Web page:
AUBURN — City officials tabled a decision Monday on whether to waive foreclosure on the empty Auburn Enterprise Center industrial park for unpaid property taxes.

The land off Lewiston Junction Road near the Auburn-Lewiston Airport is owned by the Auburn Business Development Corp., which has struggled to secure a single tenant for the nine lots developed in 2013. 

Because the corporation has not sold any lots, it has failed to pay property taxes on the land. Tax liens were previously filed for the nine properties for unpaid 2016 taxes and will mature Jan. 10.  

Mayor Jason Levesque said Tuesday he hoped the council will grant the waivers. If it does not waive the automatic foreclosure, the city will take possession of the properties.

“I would argue against it,” he said. “The city is not prepared to manage and dispose of such a large tract of valuable real estate.” 

The Auburn Enterprise Center came together in 2013 when there were high hopes the land could attract about $10 million in private investment

The city approved a $3 million bond in 2005 for the project to do the necessary site and utility work. 

The corporation describes its mission as facilitating the physical settlement, or resettlement, of business enterprises in Auburn.

“The underlying problem here is that these properties aren’t moving,” Levesque said Tuesday. “Their mission is to enhance Auburn’s economic activity, but something isn’t clicking there.” 

He said the council decided to table its decision in order to give the corporation a chance to meet and discuss the issue, and then present “a concrete plan that shows they are doing things differently than they have in the past 18 months.” 

Levesque said, however, he has faith the corporation can see movement there. He said its board of directors “is made up of some of the best business people we have in Auburn.”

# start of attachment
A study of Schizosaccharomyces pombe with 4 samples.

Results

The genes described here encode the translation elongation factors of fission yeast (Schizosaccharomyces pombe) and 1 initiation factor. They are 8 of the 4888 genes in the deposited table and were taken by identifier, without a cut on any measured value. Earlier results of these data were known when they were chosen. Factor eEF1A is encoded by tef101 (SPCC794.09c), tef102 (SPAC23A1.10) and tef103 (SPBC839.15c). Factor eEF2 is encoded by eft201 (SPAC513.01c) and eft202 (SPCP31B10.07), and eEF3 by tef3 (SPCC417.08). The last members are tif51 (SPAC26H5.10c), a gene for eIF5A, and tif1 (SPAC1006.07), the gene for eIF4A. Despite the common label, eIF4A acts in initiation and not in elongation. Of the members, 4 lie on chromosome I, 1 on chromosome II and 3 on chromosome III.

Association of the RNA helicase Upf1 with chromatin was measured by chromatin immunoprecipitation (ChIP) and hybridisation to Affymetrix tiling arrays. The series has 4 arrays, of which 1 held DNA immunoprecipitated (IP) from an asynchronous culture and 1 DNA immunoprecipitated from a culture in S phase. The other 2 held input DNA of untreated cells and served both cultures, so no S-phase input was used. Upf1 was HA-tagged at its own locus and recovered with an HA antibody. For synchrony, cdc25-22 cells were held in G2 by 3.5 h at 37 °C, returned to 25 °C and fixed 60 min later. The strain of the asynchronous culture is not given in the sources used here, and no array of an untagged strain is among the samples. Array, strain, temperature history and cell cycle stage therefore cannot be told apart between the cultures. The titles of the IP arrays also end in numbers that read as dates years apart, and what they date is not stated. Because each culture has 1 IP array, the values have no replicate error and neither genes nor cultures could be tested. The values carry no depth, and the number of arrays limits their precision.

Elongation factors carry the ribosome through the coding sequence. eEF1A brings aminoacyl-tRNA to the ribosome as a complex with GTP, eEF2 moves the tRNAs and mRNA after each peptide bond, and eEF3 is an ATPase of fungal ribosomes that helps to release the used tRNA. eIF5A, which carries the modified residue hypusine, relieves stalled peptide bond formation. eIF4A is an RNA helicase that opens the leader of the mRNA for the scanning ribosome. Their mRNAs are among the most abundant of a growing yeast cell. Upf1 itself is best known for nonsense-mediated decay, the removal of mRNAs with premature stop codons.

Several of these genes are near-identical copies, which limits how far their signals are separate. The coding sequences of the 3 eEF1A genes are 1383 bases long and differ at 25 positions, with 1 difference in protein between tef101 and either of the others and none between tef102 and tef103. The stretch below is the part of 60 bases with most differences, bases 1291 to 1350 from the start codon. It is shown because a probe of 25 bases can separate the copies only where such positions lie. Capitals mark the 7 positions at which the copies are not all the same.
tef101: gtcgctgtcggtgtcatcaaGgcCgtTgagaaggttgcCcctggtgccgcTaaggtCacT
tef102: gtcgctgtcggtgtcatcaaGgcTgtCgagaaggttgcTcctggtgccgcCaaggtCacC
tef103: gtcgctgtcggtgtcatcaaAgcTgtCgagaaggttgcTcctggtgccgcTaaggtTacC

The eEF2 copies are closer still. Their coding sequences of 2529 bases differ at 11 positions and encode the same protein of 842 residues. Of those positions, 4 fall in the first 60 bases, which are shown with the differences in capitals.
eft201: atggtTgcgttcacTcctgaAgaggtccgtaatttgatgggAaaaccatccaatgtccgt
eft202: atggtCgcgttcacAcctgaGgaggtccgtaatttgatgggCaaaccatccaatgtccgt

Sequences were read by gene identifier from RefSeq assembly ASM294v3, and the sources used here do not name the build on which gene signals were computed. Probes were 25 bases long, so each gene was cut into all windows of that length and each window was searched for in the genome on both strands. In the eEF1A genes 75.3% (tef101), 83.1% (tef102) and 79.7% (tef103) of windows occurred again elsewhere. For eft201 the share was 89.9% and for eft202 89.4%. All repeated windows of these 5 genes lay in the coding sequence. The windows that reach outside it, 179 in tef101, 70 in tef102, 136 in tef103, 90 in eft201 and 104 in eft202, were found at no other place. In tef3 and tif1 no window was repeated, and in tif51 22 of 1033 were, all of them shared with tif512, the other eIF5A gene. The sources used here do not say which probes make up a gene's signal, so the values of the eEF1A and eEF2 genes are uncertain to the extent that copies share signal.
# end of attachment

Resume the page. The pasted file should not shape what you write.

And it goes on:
The total property taxes owed at the Auburn Enterprise Center for 2016 is about $36,700. 

The city also has tax liens for its 2017 taxes, which will mature in December 2019. At that time, the council will again have to decide whether to waive foreclosure. 

City Manager Peter Crichton said Tuesday he does not think it unusual for private economic development corporations to have “similar challenges in marketing business parks.”

“We need to try to work with them as best we can,” he said, adding the council simply “wasn’t ready to make a decision” Monday.

A year ago, the City Council agreed to the terms of a memorandum of understanding with the corporation, after about two years of discussions in executive sessions.

At the time, councilors and then-Mayor Jonathan LaBonte had mixed feelings about the corporation agreement after such a complicated history. 

“I cannot imagine moving forward and being successful in economic development without the assistance of an entity like the Auburn Business Development Corporation,” Crichton said at the time. 

LaBonte disagreed and urged future councilors and the future mayor to not “feel beholden” to the corporation.